Testing the “First hit is free” Approach

Attractions - Joshua Edward SmithThere is a very popular marketing strategy in which you make the first book of a series free. The theory is that it removes a sales barrier to readers trying a new author. And if they like the book, they will go on to read the subsequent books in the series. Like many popular book marketing strategies, I think it’s probably nonsense. But I decided to do a little experiment.

Rather than make my first book free, I made a short story free. This has some benefits:

  • I’ve only written two novels so far. By making the short story free, I’ve left open the possibility of two subsequent sales instead of just one.
  • It takes literally 20 minutes or less to read this short story, so I’ll know right away if people are enticed to read the novels.
  • The short story is apparently very, very good. People are raving about it. (4.9 stars with 16 reviews at the time I’m writing this.)
  • I have the first scene of Entropy (my novel) stuck on the end of the short story, to further entice people who liked the story to jump right in. There’s a link there, too, of course.

I went ahead and advertised the free day on Fussy Librarian, in order to get as many people as possible to download the free short story onto their Kindles. That worked great. I got about 200 downloads from that, plus another 75 from plain old Twitter promotion. I landed at the #2 spot for fiction short stories for two days straight, but of course those rankings mean absolutely nothing.

Finally, I left my novel at the empirically determined best price of $2.99 to maximize the chances that someone coming to the page would buy it. At that price my book has a consistent conversion rate of 5% for people who look at the page completely cold from Twitter Ads. So at least 5% of the people who follow through are probably going to buy the book, and probably higher since they already have read maybe the best thing I’ve ever written.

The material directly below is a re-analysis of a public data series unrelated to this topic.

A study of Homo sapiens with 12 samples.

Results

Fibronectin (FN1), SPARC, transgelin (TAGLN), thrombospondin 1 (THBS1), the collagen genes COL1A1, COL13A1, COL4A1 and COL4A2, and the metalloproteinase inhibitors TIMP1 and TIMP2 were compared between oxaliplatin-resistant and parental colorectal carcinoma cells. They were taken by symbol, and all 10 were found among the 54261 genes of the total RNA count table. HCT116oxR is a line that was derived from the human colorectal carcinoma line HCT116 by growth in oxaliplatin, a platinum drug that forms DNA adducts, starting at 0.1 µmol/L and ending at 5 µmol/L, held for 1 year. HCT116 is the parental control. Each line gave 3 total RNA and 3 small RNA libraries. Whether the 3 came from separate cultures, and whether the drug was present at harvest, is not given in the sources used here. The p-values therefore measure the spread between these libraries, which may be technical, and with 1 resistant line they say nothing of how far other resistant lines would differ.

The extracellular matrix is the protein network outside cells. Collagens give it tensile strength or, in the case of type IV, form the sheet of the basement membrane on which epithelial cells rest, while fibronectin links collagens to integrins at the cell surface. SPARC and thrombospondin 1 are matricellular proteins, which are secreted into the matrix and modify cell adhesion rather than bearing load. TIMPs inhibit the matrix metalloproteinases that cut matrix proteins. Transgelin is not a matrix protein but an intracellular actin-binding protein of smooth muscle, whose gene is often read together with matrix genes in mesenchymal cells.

I cannot think of anything I could have done to better position this to succeed.

So it’s been a few days. Guess how many sales of Entropy I’ve had.

Nope. Lower than that.

Lower.

Lower.

There you go. One. One fucking book. And of course, I don’t even know for sure that it was the result of a short story reading. I did suspend my Twitter Ads during the experiment, though. So let’s assume it was.

Shake. My. Damn. Head.

Okay, so my intuition that giving away the first book in your series is a stupid idea: that’s confirmed.


  1. This is a fascinating idea. I myself am looking into a short graphic novel of the prelude to my novel. It takes place 30 years prior, is a visual type read, and fast. I’ve been told it leads people into wanting to know what happens next. While I would definitely love to do a short graphic novel of it, it seems such a huge undertaking! The short story idea could be the way to go.

    • Except it totally didn’t work for me as a marketing tool. Maybe your luck will be better. I’m still glad I published it, though, because the response to it has been so amazing. Every now and then people actually shell out $1 for it. Weird.

  2. I think the only problem with thinking it didn’t work at all is the scale of it. If you only gave away 200 copies of your short story for free, 1 sale coming from that is probably actually a decent percentage (however sh#tty that sounds). If you gave it away on say, bookbub.com, you’d have likely gotten more like 12,000 free downloads (or so I hear) and you might’ve sold more books using that strategy. I don’t think you should give up on that strategy yet. ~eternal optimist here. Even though it costs a lot more to use bookbub’s services than Fussy’s. I dunno, just a thought.

    • The math doesn’t work. Suppose I do bookbub and it costs $400. That means I need to sell 200 books to break even. At 1:200, I’d have to get 40,000 downloads of the freebie.